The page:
Big Stock Market Gains Are Made With Trending Moves, Not Volatile Moves

 | Apr 09, 2018 | 6:00 AM EDT

While rising volatility does indeed ultimately scare the weak-handed holders of stocks into the strong-handed, this instability and unpredictability in the markets can also make it very uncomfortable, even for the strongest and most battle-tested buyers.

For decades the trajectory of the stock market has been up. There is clearly no argument about that. But even during that uptrend, and throughout history, moments of panic and terror have provided great opportunities to grab stocks.

Most recently, the financial crisis, or the Great Recession of 2008-09 brought world markets to their knees. With supportive central banks providing generous ultra-liquidity, which continues to this day, many investors scooped up the bargains of a lifetime. Bank of America (BAC) at $3, Goldman Sachs (GS) at $58, Amazon (AMZN) at $48, Apple (AAPL) at $14 and Netflix (NFLX) under $3, to name just a few.

These stocks were pounded to the ground during the financial crisis, and whatever credit you want to give to central banks, they moved higher over the years as markets trended higher, and volatility declined sharply. However, picking up a beaten-down stock happens at a moment in time. Holding on to it for potentially big gains is usually a longer-term journey.

As an investor and swing trader, I'm all in for the big and powerful moves. Hence, while I may trade options, which are by nature short-term trading instruments, I will often seek more time for the trades to work in my favor, preferring to hold long enough for a good-sized move to happen.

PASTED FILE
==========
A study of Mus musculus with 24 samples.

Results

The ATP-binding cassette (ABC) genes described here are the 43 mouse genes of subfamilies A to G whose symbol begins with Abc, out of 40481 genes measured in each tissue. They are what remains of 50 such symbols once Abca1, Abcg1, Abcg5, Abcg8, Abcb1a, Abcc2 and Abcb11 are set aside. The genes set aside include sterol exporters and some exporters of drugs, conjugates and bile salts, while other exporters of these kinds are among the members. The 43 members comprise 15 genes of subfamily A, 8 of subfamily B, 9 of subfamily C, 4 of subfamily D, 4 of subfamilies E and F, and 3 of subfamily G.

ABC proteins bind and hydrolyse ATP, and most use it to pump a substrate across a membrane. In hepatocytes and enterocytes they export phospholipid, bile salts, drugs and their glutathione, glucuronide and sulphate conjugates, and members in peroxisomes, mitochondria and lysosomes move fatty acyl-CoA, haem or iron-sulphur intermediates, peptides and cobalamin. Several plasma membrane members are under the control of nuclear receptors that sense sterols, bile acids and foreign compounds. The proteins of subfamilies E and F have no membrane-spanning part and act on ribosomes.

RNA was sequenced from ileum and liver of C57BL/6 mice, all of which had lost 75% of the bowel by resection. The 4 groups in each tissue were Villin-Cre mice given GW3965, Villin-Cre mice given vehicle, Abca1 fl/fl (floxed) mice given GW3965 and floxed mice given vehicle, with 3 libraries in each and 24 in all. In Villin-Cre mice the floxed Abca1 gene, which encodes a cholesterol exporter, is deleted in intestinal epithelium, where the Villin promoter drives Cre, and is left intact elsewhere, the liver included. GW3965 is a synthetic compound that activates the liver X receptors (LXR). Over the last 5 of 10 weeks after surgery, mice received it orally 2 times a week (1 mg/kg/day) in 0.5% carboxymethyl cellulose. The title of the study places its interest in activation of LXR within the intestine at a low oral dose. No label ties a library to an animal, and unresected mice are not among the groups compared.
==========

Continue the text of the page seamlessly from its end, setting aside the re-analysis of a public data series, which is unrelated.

Short-term moves due to extreme volatility not only make it tough to get into a position, but there is the "falling knife" syndrome. I prefer to let a stock stop plunging first before reaching down and buying after/during a selloff.

Short-term traders of stocks, options or futures must keep a very tight leash on their trades and accept rather modest returns that can repeat themselves over and over again. It is rare when these traders get a huge pay day for taking risk they are not programmed to accept.

When markets begin trending and volatility trends (usually downward), then we'll see more opportunities to hold stocks longer. For now, it's simply a trader's market.

If you're not comfortable with the big moves up/down, then the sidelines are always a good place to be.

Goldman Sachs, Amazon and Apple are holdings in Jim Cramer's Action Alerts PLUS Charitable Trust Portfolio. Want to be alerted before Cramer buys or sells GS, AMZN and AAPL? Learn more now.